The thing I hadn’t realised about maps…November 10, 2010
…is how political they are. Call me naive (although I’d rather you didn’t), but I’d always assumed that a map just – well, showed you what’s there. Or what used to be there, when it was drawn up. But no. Choices must be made.
This first began to dawn on me when the publishers wanted a map for the front of the second Ruso book. What to include? All the Roman roads and towns and forts? Even if we knew where they all were (and some float about, depending on who you ask) there wasn’t room. Besides, it would have looked a mess. Just how much of a mess may be surmised from the rough draft on the Book 2 page.
The places crucial to the story are there, but important Army bases like Gloucester and Exeter and Caerleon are invisible. Major towns like Silchester and Verulamium don’t seem to exist. And there’s not a road in sight. Leaving them out may have suggested that the story took place in a few key spots surrounded by vast tracts of emptiness, but at least no-one could complain that it was cluttered.
David Mattingley makes a telling point in ‘An Imperial Possession – Britain in the Roman Empire’ – a book I’ve just finished and found very thought-provoking. Observing the map-makers’ priorities, he points out that the Ordnance Survey Map of Roman Britain is precisely that – a map of the Roman-style constructions found in Britain. He says, “In areas where Roman site ‘types’ are uncommon (notably… Cornwall, Wales and northern Britain), the maps appear empty apart from Roman military installations standing guard over large capital letters denoting ‘tribal’ names… what is omitted from such maps is the settlement evidence relating to the vast majority of the population.”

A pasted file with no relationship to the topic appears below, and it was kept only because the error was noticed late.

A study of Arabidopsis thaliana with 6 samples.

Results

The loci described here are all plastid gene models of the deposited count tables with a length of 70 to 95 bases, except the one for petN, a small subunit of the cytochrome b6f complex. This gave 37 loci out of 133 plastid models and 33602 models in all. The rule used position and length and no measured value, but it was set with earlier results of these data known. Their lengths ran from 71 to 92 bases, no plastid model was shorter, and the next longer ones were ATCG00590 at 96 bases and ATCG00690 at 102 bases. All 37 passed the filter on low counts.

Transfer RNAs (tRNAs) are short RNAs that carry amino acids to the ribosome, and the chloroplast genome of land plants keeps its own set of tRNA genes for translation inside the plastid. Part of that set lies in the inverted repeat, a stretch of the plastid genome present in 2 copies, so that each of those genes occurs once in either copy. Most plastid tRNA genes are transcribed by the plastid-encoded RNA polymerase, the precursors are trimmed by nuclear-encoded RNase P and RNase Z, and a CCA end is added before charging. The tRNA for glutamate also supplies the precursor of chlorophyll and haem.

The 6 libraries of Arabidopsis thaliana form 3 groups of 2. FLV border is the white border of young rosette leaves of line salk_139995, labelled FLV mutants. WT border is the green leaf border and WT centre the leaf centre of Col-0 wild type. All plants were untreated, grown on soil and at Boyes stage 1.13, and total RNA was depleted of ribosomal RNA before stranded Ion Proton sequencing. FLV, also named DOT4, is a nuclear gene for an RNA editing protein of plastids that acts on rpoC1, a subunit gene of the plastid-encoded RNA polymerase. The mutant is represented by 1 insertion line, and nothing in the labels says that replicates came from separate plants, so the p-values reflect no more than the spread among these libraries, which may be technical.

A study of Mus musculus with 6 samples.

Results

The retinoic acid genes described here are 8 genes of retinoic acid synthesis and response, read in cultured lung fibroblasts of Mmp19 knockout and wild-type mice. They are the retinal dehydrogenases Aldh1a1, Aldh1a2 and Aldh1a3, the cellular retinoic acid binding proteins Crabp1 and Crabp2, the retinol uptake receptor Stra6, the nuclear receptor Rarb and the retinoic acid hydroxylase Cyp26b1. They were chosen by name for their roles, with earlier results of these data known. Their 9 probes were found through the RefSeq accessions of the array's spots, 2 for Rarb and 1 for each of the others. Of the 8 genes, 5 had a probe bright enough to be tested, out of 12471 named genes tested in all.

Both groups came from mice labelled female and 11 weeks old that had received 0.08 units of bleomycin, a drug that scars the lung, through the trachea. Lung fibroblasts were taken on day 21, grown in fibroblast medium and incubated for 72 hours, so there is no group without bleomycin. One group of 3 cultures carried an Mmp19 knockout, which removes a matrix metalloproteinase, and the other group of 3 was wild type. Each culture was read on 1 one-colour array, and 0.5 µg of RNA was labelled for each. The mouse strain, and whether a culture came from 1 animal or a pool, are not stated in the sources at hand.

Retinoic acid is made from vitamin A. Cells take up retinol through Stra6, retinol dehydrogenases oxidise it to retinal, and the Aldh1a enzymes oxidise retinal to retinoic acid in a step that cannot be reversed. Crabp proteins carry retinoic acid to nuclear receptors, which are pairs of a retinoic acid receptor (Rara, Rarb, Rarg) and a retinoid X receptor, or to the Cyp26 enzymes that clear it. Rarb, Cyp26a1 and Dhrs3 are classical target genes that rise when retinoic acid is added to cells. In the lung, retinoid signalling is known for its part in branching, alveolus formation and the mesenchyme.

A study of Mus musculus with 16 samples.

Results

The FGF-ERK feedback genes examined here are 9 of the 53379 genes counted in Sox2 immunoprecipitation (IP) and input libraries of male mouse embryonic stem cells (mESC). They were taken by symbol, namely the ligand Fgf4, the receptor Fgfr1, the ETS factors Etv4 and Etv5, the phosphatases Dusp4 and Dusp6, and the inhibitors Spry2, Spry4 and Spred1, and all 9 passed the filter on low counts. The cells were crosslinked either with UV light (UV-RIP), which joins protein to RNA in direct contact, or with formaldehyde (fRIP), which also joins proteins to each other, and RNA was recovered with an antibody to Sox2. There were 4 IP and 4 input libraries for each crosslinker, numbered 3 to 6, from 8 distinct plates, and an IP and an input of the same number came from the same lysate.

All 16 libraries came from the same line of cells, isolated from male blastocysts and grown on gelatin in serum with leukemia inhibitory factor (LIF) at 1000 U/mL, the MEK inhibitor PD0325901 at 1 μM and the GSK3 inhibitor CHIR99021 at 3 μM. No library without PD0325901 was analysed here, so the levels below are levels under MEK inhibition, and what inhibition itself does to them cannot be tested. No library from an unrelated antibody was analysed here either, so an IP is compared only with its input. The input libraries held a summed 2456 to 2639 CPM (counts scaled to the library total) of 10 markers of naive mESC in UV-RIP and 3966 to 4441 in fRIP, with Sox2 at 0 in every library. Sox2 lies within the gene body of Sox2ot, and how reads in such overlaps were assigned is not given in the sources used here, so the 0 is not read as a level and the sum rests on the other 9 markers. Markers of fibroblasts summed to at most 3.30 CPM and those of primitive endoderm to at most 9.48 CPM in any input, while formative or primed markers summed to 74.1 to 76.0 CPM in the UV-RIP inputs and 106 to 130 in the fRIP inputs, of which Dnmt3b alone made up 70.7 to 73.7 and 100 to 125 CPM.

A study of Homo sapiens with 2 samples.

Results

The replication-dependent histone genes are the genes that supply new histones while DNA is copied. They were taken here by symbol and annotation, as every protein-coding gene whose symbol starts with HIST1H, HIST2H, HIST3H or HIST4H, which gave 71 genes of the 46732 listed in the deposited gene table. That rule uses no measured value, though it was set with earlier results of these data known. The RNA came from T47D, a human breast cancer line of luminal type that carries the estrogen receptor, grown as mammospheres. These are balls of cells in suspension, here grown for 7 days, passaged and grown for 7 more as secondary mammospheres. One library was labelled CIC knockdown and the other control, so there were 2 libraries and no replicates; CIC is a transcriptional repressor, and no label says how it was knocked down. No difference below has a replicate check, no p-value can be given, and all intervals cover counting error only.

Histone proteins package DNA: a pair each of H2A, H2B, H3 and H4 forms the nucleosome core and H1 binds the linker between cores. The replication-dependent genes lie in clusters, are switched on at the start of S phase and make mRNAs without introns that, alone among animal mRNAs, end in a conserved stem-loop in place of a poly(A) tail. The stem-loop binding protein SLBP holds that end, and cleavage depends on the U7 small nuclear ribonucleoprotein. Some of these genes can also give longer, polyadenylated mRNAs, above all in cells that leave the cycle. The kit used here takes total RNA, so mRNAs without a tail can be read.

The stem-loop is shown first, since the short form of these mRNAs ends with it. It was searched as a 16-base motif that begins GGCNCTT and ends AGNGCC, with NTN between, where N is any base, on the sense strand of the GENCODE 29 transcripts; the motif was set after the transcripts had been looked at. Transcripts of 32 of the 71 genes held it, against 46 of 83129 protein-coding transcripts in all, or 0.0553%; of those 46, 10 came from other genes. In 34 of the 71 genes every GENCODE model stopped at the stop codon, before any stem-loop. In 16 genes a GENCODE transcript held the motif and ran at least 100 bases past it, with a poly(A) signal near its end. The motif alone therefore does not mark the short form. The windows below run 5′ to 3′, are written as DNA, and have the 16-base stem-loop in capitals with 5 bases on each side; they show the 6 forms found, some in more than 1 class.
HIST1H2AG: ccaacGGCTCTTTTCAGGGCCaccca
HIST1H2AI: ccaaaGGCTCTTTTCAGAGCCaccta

This isn’t a criticism. There just isn’t room for everything. Choices must be made. Don’t you think, though, that the Ordnance Survey’s choices would have gone down awfully well in Rome? Britannia without all those pesky barbarian round houses, brochs* and disused hillforts messing it up. Mission accomplished!
*brochs are those forbidding-looking ancient stone towers found mostly (only?) in Scotland.